FORT KNOX, Ky. - He left the Island of Jamaica in 1989 when he was 18 and moved to Yonkers, New York, where he got a job working for the Verizon Corporation but wanted a change.
For Andrew Roach, operations specialist, 1st Theater Sustainment Command, that change came when he enlisted in the Army February 12, 1998.
“I really wanted to be a military policeman,” Roach said.
He walked away from the recruiting station, the first time, disappointed because they didn’t need any more MPs. The Army ended up recruiting Roach as an air traffic controller instead.
“They told me that it would be exciting and that I could jump out of airplanes,” he said.
After completing Basic Combat Training, Advanced Individual Training and jump school, he was excited to be a part of the 82nd Airborne Division at Fort Bragg, North Carolina. From there, he served at Army installations with airfields, including Wheeler Army Airfield, Hawaii, Camp Red Cloud, Korea, and Wurzburg and Ansbach, Germany.
“I joined as a private and retired as a chief warrant officer 3,” Roach said.
He grew in his career, and after obtaining the rank of sergeant first class, he became a warrant officer.
“Being an air traffic controller was both exciting and stressful at times,” he said.
During his career serving in the Army, Roach worked at the company level, corps level, and theater level. He enjoyed the work, which provided him with a unique skill set. The job required him to analyze the separation of airways and determine how to synchronize fires from the ground and the air.
“I would sit in an air traffic control tower, or a tactical control tower, and control the landing area when aircraft dropped equipment or troops while monitoring traffic and weather,” he said
In Afghanistan and Iraq, he took over airfields with teams.
“I am jump and pathfinder certified, which enabled me to establish a landing site and deploy equipment to run the airfield and control the air space and traffic,” he said.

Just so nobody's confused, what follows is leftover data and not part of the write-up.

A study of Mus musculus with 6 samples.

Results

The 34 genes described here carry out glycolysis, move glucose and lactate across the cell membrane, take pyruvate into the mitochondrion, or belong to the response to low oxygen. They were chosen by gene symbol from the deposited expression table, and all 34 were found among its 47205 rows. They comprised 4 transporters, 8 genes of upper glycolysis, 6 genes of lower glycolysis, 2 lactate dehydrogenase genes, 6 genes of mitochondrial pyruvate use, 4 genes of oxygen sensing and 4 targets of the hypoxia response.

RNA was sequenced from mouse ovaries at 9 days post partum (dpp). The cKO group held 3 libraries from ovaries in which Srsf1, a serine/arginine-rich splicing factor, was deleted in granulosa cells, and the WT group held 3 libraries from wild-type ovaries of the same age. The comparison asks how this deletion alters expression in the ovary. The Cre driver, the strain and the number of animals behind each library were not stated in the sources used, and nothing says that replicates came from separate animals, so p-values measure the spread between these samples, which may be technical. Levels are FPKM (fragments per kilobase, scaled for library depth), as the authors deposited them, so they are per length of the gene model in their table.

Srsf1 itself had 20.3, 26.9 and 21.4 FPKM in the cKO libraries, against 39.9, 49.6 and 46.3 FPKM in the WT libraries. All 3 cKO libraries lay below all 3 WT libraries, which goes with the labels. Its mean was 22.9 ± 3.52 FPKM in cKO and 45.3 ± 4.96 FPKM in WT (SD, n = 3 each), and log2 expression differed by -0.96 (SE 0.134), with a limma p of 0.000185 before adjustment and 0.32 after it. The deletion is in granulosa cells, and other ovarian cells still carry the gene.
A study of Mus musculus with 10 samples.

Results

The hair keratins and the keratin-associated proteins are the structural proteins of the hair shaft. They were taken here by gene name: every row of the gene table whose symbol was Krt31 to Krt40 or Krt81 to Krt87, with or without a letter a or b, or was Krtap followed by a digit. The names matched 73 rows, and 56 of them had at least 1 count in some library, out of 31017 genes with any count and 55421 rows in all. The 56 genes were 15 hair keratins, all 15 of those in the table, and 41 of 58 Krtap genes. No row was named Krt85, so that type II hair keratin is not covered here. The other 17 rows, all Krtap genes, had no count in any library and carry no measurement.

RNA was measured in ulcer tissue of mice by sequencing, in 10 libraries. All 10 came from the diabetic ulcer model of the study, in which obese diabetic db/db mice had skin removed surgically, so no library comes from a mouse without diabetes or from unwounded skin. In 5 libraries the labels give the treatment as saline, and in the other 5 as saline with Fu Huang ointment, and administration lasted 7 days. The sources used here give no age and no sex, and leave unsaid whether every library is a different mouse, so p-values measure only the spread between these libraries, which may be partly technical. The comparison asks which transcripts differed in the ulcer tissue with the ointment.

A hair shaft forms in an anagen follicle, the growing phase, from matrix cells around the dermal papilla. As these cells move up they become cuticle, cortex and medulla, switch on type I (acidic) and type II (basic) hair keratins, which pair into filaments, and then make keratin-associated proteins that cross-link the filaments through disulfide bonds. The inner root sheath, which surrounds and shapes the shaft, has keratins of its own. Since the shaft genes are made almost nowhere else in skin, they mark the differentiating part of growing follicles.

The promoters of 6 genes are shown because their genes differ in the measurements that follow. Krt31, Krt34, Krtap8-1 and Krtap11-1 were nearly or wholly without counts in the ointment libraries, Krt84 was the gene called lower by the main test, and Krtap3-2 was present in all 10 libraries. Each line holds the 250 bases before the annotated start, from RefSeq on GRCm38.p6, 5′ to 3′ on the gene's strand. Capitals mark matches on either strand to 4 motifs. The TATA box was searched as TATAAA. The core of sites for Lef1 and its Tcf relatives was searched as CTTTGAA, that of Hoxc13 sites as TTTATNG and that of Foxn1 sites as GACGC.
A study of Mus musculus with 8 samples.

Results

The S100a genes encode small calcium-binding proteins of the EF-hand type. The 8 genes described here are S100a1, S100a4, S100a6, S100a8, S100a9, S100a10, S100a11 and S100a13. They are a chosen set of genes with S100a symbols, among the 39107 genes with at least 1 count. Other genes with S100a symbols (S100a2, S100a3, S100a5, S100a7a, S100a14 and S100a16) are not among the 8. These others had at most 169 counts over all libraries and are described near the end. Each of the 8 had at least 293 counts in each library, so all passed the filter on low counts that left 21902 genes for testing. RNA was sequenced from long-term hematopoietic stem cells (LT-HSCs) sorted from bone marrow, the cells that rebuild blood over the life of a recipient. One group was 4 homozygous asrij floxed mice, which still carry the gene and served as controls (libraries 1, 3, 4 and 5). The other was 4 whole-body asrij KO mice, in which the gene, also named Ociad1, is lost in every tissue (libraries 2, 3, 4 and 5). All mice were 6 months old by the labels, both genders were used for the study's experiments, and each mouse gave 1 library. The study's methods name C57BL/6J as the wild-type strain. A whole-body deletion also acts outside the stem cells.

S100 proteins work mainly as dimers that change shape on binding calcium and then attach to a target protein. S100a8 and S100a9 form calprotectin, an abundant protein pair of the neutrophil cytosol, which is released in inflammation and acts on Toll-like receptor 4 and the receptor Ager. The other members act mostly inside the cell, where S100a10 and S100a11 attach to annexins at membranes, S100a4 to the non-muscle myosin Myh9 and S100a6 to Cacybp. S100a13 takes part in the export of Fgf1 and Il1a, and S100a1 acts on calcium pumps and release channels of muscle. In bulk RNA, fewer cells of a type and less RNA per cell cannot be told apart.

Roach deployed several times during his time in the Army. His first deployment was a 2002 peacekeeping mission in Bosnia.
He also deployed to Pakistan after an earthquake, once to Iraq and four times to Afghanistan.
He missed the birth of one of his children during a 2012-13 deployment to Kunduz, Afghanistan, while assigned to U.S. Army Regional Command North.
“This was a unique deployment in that I served with all of the European NATO forces,” Roach said. “It was a very small compound and I lived with Germans, Belgians, and French. This provided many cultural experiences.”
Missing the birth of his child was difficult, but Roach remembers a team of Joint Special Operations Command Navy surgeons who looked out for him.
“They kind of adopted me and kept me stable,” he said.
Now, the single father of two appreciates being with his two youngest children and providing them stability. His son Jahleel is 8 years old and his daughter Jahzara is 9. The Elizabethtown family enjoys spending time outdoors together biking and hiking. Roach also enjoys golfing, snorkeling and playing soccer and cricket.
He keeps his culture alive, cooking Jamaican food, speaking in the Jamaican dialect, listening to reggae music, and visiting the island.
The operations specialist has a bucket list too.
“I would like to hike the Appalachian Trail, in addition to cycling across some of the United States, hiking the Glacier National Park, owning a successful business and fluently speaking Deutch,” he said.
He would also like to visit Israel again because he enjoyed the spirituality in that country.
“I completed two tours almost consecutively and embraced the history and culture in a diverse and unique perspective,” he said.
His education and military experience prepared him to work in the 1st TSC’s Operations Center where he manages, tracks, and receives operations for both garrison and contingency. He provides updates to the command team and higher headquarters.
Roach is glad to be working with the Army again after working two years for the City of Austin, Texas, as an airport operations specialist once he retired from the Army.
Roach didn’t realize how much he liked working in an organization that does strategic, operational planning, and he also likes being mission-focused.
“We have a bigger task and purpose within the Army, and that’s what I felt was missing,” he said.
Happy to be a new team member, he believes that this leap of faith, which brought him back to the Army, was right for his family.
“Folks who I’ve engaged with so far have been wonderful and there is a positive command climate,” he said. “I always believe that if I trust God I will never fail.”